I was honoured to be invited yesterday, along with Ameed Versace of the Scottish Ahlul Bayt Society and the minister of St Giles’ Cathedral, the Reverend Calum MacLeod, to give a reflection at the Remembrance Day ceremony at St Andrews House where we were joined by representatives of the Armed Forces who laid wreaths in memory of the fallen of two world wars.
The ceremony was led by by John-Paul Marks, the Permanent Secretary to the Scottish Government, who read us the poem ‘In Flanders Field’, which was written after the Second Battle of Ypres in 1915 by a Canadian army doctor, Lt Col John McCrae who was working there as a field hospital surgeon, and it was brought to a poignant end by Pipe Major John Rae of the Scots Guards, who played The Flowers of the Forest, the timeless lament composed for the fallen of Flodden Field in 1513.
This was my reflection.
What have we learned since people first got together to remember “the war to end all wars”? The answer, clearly, is “not enough”. As Sir Edward Grey famously remarked on its outbreak, “The lamps are going out all over Europe; we shall not see them lit again in our life-time.”
Humanism is a simple philosophy; it asks us to try to think for ourselves and try to be kind. As a humanist, I generally try to see the glass half full, rather than half empty, but I have to admit that’s been something of a challenge of late.
In 1914, the western world was living in an era of unparalleled peace and prosperity. It was called “the Gilded Age” but it ended in one of the most destructive wars in human history. Many historians also describe it as the stupidest conflict in human history and that stupidity is summed up by what happened on Armistice Day itself.
Although the armistice was signed just after five in the morning, it wasn’t put into effect until eleven, so the fighting continued and during the last six hours of the war, thousands of people were killed or injured for no political or military reason whatever. To put it into context, more people died on Armistice Day in World War I than on D Day in World War II. The Great War ended as senselessly as it had begun.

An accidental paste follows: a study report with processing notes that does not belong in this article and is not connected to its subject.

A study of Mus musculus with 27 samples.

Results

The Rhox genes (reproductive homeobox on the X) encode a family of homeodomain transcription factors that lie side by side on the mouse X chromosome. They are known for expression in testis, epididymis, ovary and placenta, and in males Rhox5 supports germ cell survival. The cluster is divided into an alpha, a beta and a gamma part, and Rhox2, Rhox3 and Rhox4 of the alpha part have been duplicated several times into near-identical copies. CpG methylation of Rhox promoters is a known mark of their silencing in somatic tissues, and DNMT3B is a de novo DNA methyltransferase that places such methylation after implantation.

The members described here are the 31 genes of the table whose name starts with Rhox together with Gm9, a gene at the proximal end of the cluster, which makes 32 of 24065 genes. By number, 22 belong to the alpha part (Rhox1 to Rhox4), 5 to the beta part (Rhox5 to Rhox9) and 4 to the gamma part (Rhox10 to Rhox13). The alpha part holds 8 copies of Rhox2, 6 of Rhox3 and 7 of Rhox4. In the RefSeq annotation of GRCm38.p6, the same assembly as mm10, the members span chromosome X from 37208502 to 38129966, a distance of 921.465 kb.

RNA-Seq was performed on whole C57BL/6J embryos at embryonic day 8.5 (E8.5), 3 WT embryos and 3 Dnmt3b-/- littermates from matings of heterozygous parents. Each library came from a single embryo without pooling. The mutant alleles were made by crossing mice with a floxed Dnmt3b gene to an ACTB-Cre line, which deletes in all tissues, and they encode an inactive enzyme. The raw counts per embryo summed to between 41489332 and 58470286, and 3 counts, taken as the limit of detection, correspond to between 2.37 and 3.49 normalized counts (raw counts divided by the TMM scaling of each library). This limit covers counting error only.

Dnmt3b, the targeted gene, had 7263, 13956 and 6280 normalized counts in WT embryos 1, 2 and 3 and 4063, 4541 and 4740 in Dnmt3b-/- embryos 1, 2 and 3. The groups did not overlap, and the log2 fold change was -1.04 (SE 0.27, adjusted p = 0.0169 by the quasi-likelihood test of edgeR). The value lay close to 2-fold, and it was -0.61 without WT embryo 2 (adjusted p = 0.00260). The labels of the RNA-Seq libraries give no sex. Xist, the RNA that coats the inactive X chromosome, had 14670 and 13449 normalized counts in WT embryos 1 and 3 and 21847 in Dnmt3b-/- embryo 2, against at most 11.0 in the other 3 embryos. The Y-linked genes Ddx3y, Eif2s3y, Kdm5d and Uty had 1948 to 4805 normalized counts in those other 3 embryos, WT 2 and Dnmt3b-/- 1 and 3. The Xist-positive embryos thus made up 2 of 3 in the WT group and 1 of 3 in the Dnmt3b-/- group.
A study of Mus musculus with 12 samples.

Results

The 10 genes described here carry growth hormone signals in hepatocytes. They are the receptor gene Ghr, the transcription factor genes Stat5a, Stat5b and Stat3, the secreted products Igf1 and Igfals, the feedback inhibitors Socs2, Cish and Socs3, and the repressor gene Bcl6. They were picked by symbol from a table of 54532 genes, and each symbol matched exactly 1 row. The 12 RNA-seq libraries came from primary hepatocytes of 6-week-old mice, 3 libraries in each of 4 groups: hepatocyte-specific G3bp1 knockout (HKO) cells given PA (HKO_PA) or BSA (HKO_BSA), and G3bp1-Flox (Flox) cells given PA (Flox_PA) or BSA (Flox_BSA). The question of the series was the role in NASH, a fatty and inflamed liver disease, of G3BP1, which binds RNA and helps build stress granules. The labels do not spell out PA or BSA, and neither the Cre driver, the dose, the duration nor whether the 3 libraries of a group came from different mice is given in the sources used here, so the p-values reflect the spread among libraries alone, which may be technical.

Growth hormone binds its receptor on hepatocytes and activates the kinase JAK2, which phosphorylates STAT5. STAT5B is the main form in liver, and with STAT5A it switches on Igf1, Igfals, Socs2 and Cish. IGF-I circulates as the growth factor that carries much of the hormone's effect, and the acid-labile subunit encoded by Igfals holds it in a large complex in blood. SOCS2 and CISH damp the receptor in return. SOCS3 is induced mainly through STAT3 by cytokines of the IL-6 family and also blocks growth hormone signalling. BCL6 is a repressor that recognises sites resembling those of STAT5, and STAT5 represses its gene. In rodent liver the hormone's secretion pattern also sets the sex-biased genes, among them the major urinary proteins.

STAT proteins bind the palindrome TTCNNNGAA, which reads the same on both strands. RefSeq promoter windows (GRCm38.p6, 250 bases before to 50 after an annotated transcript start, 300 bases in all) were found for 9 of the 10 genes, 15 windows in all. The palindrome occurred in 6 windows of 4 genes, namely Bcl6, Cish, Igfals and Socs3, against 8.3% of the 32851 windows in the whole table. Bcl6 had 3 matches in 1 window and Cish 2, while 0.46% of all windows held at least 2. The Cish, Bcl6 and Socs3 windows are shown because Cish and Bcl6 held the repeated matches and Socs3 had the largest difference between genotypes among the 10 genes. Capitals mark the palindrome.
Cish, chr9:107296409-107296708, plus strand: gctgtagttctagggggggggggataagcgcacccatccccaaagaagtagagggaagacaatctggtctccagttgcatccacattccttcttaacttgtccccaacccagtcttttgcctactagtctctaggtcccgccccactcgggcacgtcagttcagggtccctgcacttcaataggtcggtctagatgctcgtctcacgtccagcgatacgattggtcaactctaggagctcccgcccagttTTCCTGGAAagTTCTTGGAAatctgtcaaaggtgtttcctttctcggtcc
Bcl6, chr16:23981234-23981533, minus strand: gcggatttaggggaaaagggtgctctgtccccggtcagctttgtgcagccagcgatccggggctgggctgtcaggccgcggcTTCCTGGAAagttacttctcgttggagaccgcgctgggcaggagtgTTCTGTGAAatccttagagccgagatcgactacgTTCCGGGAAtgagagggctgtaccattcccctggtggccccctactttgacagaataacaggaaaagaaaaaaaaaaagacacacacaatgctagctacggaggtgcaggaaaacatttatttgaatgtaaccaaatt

The UK’s longest serving Foreign Secretary, Sir Edward Grey was one of the people who tried to ensure that the First World War really was “the war to end all wars”. In 1918, he became the President of the League of Nations, which didn’t survive the Second World War, and was replaced by the United Nations. They’re not doing too well either, but as the Irish playwright, Samuel Beckett wrote, “Ever tried? Ever failed? No matter. Try again. Fail again. Fail better.”
As Barack Obama said the other day, “despair is not an option”. We need to keep trying.
Some of you may remember a Disney movie called The Sword in The Stone. It was based on a book written in the late 1930’s by a schoolteacher called TH White and although aimed at children, it was written very much with the coming Second World War in mind.
In the Middle Ages, force was the only way to solve political disputes; ‘might was right’ and the strongest man won. White recognised that humanity is eternally torn between war and peace, so when he rewrote the legend, he gave King Arthur a new backstory as a way of thinking about the proper uses of violent force.
The infant Arthur is left on the doorstep of a castle where he’s raised by a knight called Sir Ector as a companion to his son Kay, and it’s Kay who gives Arthur the unkind nickname of ‘the Wart’. The only person who knows Arthur’s true identity is the magician Merlyn, who White recasts as the boys’ tutor, and Merlyn teaches the Wart everything a king needs to know by turning him into all kinds of birds and beasts, including an ant and a goose.
The Sword in the Stone is a charming, funny and joyful story, but it’s also an extended political allegory. The world of the ants is a totalitarian one. Everything not compulsory is forbidden, and the ants of one nest wage war upon the ants of another. By contrast the migratory geese, to whom national boundaries mean nothing at all, are peace-loving and kind. The Wart loves his time with the geese, but the ants make him sick to his stomach.
The Wart dreams of growing up to become a knight, but when he realises that’s never going to happen, he is heartbroken. To cheer him up, Merlyn transforms him one last time and sends him off to visit the badger, who gives him not so much an adventure as a lecture, at the end of which he asks the Wart if he’s realised yet that man is almost the only animal which wages war?
‘Ants do,’ replies the Wart, but the badger gently explains to him that of the more than 4,000 species of ant, only 5 are belligerent. He also points out that there are even some human beings who don’t wage war, like the Lapps and other nomads who don’t claim boundaries. “True warfare,” says the badger, “is rarer in Nature than cannibalism. Don’t you think that is a little unfortunate?’
The Wart is not convinced. ‘Personally, I should have liked to go to war if I could have been made a knight,” he says. “I should have liked the banners and the trumpets, the flashing armour and the glorious charges. And oh, I should have liked to do great deeds, and be brave, and conquer my own fears. Don’t you have courage in warfare, Badger, and endurance, and comrades whom you love?’
The learned animal thought for a long time, gazing into the fire. In the end, he seemed to change the subject. ‘Which did you like best,’ he asked, ‘the ants or the wild geese?’
Humanists believe there are more things that unite than divide us. As we remember those who gave their lives in the Great War, and every conflict ever since, let us also remember this; and keep trying.